First PCB Build Problems (I2C Driven Motor Driver Board): DRV8872 Motor Driver

Thread Starter

TiredGradStudent

Joined Nov 9, 2021
2
Hello All,

I am developing a very small I2C controlled Motor Driver PCB Board for a robot for my master's thesis.
The idea is simple: Use ATTINY816 to send two PWM signals to the DRV8872 Motor driver to actuate an electromagnetic coil back and forth between two magnets. The PWM signals switch polarity at a rate of about 10 Hz.

Specs:

This is one small board that is daisy-chained with identical circuits to make a chain of I2C controlled motor drivers.
I have the I2C working perfectly, but it seems the motor driver is limiting the current being supplied to the coil.
With 7V going through a 30ohm coil, the current shouldn't exceed 233mA, and I have experimented with this to confirm.

Troubleshooting:
I tried substituting a resistor for the coil, and the driver would not supply current to a 30ohm resistor, but would work with a 47ohm resistor.
I then tried putting a 20ohm resistor in series with the coil to get ~50ohms resistance, but it would still not work.

Could there be something generating as spike that triggers the fault detection in the DRV8872?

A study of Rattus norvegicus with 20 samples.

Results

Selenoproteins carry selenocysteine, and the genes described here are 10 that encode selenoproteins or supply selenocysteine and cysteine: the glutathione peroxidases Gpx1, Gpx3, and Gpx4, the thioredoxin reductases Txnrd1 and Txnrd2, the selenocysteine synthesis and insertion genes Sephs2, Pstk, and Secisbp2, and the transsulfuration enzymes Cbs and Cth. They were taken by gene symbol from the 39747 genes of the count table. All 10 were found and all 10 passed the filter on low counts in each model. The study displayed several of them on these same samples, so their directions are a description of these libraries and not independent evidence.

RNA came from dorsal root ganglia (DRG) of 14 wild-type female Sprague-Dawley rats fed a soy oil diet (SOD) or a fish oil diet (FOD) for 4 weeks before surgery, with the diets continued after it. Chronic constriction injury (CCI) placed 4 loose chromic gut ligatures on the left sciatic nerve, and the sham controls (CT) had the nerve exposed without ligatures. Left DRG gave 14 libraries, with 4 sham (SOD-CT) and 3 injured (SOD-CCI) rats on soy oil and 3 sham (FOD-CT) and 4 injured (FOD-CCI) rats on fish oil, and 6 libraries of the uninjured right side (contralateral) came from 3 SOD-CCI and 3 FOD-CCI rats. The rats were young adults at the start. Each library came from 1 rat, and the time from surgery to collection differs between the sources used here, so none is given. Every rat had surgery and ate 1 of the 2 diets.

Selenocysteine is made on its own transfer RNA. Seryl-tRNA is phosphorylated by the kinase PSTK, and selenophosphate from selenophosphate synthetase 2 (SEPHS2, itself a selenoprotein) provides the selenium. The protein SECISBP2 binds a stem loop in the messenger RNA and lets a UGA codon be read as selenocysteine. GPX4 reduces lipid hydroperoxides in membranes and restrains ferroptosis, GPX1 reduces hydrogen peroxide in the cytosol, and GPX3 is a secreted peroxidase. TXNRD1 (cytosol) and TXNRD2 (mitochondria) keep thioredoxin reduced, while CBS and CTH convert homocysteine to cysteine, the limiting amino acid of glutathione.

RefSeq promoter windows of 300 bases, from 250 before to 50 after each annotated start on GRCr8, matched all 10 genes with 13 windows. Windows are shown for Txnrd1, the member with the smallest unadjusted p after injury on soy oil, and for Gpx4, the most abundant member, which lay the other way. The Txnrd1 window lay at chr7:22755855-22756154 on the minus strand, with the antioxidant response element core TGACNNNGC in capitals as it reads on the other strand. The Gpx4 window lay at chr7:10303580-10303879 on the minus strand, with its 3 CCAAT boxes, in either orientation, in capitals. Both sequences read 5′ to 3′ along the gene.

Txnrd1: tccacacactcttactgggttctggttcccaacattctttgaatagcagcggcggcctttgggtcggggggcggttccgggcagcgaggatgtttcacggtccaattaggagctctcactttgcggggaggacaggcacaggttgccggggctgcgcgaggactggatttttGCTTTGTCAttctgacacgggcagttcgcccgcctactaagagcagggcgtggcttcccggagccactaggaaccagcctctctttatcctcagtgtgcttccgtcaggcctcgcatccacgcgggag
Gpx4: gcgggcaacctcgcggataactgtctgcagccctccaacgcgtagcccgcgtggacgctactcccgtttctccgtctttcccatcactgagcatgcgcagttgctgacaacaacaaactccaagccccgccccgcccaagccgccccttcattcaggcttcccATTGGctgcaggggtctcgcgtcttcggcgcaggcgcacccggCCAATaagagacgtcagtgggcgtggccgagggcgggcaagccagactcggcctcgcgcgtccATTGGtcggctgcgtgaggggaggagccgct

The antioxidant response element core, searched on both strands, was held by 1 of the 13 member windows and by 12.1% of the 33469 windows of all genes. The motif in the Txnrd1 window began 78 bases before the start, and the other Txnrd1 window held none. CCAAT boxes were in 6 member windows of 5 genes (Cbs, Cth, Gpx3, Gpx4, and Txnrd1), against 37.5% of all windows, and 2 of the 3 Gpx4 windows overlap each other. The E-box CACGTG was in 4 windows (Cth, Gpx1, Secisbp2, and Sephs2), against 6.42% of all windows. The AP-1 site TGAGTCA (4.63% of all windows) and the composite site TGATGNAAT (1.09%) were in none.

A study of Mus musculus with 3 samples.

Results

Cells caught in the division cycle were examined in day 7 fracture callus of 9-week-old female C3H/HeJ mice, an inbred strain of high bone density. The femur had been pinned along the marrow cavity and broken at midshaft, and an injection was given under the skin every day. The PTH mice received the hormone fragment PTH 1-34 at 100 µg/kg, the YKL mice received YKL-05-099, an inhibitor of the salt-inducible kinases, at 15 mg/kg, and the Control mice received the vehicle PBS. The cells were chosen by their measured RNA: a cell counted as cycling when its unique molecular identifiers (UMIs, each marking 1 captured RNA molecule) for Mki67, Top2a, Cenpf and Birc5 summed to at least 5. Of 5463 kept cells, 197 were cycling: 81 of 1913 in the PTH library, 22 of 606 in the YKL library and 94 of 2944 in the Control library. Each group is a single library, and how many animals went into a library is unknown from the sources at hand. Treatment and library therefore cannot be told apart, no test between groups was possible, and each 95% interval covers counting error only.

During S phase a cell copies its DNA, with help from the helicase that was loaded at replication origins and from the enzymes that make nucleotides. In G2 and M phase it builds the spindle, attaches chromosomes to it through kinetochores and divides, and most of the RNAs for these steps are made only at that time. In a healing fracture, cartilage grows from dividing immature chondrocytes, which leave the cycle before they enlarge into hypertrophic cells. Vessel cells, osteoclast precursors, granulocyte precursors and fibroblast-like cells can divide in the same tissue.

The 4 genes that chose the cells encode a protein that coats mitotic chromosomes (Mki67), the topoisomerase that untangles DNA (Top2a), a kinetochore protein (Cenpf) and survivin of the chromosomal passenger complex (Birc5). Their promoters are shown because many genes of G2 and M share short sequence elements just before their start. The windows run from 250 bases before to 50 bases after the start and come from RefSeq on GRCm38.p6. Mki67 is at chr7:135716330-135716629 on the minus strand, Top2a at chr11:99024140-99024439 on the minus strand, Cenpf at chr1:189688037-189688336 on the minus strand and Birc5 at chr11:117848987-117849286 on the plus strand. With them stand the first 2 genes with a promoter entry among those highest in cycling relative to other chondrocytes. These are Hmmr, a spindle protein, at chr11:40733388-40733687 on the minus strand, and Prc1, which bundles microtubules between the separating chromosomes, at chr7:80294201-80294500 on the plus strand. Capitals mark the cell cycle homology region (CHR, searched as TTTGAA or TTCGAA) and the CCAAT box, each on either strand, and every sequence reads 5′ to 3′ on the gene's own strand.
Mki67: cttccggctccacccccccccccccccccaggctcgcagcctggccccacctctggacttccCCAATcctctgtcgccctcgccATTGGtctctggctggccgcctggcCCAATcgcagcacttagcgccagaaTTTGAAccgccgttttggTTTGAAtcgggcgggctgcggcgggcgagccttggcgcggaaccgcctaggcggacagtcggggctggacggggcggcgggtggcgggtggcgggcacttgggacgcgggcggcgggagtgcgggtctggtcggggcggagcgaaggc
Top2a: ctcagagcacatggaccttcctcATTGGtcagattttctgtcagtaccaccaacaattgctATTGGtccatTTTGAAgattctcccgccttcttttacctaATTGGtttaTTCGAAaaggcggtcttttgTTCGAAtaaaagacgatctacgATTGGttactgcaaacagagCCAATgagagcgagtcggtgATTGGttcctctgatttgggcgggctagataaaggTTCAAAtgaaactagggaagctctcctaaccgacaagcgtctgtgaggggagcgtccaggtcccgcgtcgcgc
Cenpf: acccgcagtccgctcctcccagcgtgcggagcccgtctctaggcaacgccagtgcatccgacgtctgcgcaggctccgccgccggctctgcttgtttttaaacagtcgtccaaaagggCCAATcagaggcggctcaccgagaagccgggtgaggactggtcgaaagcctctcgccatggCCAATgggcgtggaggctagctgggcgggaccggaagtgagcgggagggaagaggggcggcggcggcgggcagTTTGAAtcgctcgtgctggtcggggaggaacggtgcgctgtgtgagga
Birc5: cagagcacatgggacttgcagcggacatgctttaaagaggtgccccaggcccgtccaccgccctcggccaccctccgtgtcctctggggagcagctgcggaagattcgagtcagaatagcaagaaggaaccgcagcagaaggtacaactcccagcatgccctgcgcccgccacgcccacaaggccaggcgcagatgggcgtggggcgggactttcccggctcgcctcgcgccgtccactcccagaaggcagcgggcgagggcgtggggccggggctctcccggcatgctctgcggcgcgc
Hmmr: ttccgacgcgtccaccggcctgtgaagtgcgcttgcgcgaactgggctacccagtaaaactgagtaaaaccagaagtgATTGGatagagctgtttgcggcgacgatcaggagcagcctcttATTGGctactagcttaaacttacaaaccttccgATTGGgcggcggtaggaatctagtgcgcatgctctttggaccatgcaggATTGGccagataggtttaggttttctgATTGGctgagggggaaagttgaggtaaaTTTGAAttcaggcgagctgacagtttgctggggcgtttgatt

This is the first PCB I've ever designed, so any advice is welcomed in that design department, or even ways that you would troubleshoot this problem as I am a mechanical engineering grad student and still learning.

Attached are the schematics and PCB layer images.
(The schematic with just the motor driver is to help illustrate how the coil is connected to the circuit, there is only 1 coil connected to each PCB between the points Coil_1 and Coil_2)
 

Attachments

nsaspook

Joined Aug 27, 2009
9,097
I realized I forgot them on the design, but I was able to add them to a breadboard to supply the power with capacitance to the motor driver that way.
They need to be on the board near the actual chips (controller and driver). This is especially true for the bypass capacitance.
 

PadMasterson

Joined Jan 19, 2021
33
Yep, you need those caps on your PCB and connected as close to the parts as you can get them. Your board looks pretty good I'll say, I've been doing PCB design for 30+ years and you're looking pretty good for a starter but you need the caps as was mentioned. Good Luck...
 

Tim-MK

Joined Oct 29, 2019
6
The R1/R3 0.22 Ohm is in the wrong place, it should be from ISEN to ground to provide current monitoring.
FAULTn is open-drain, pull it up with about 10K to provide an over-current signal to your micro
 

rphare

Joined Nov 20, 2015
10
When you say "is limiting the current being supplied to the coil" or "would not supply current" etc. what are the values of current you are measuring?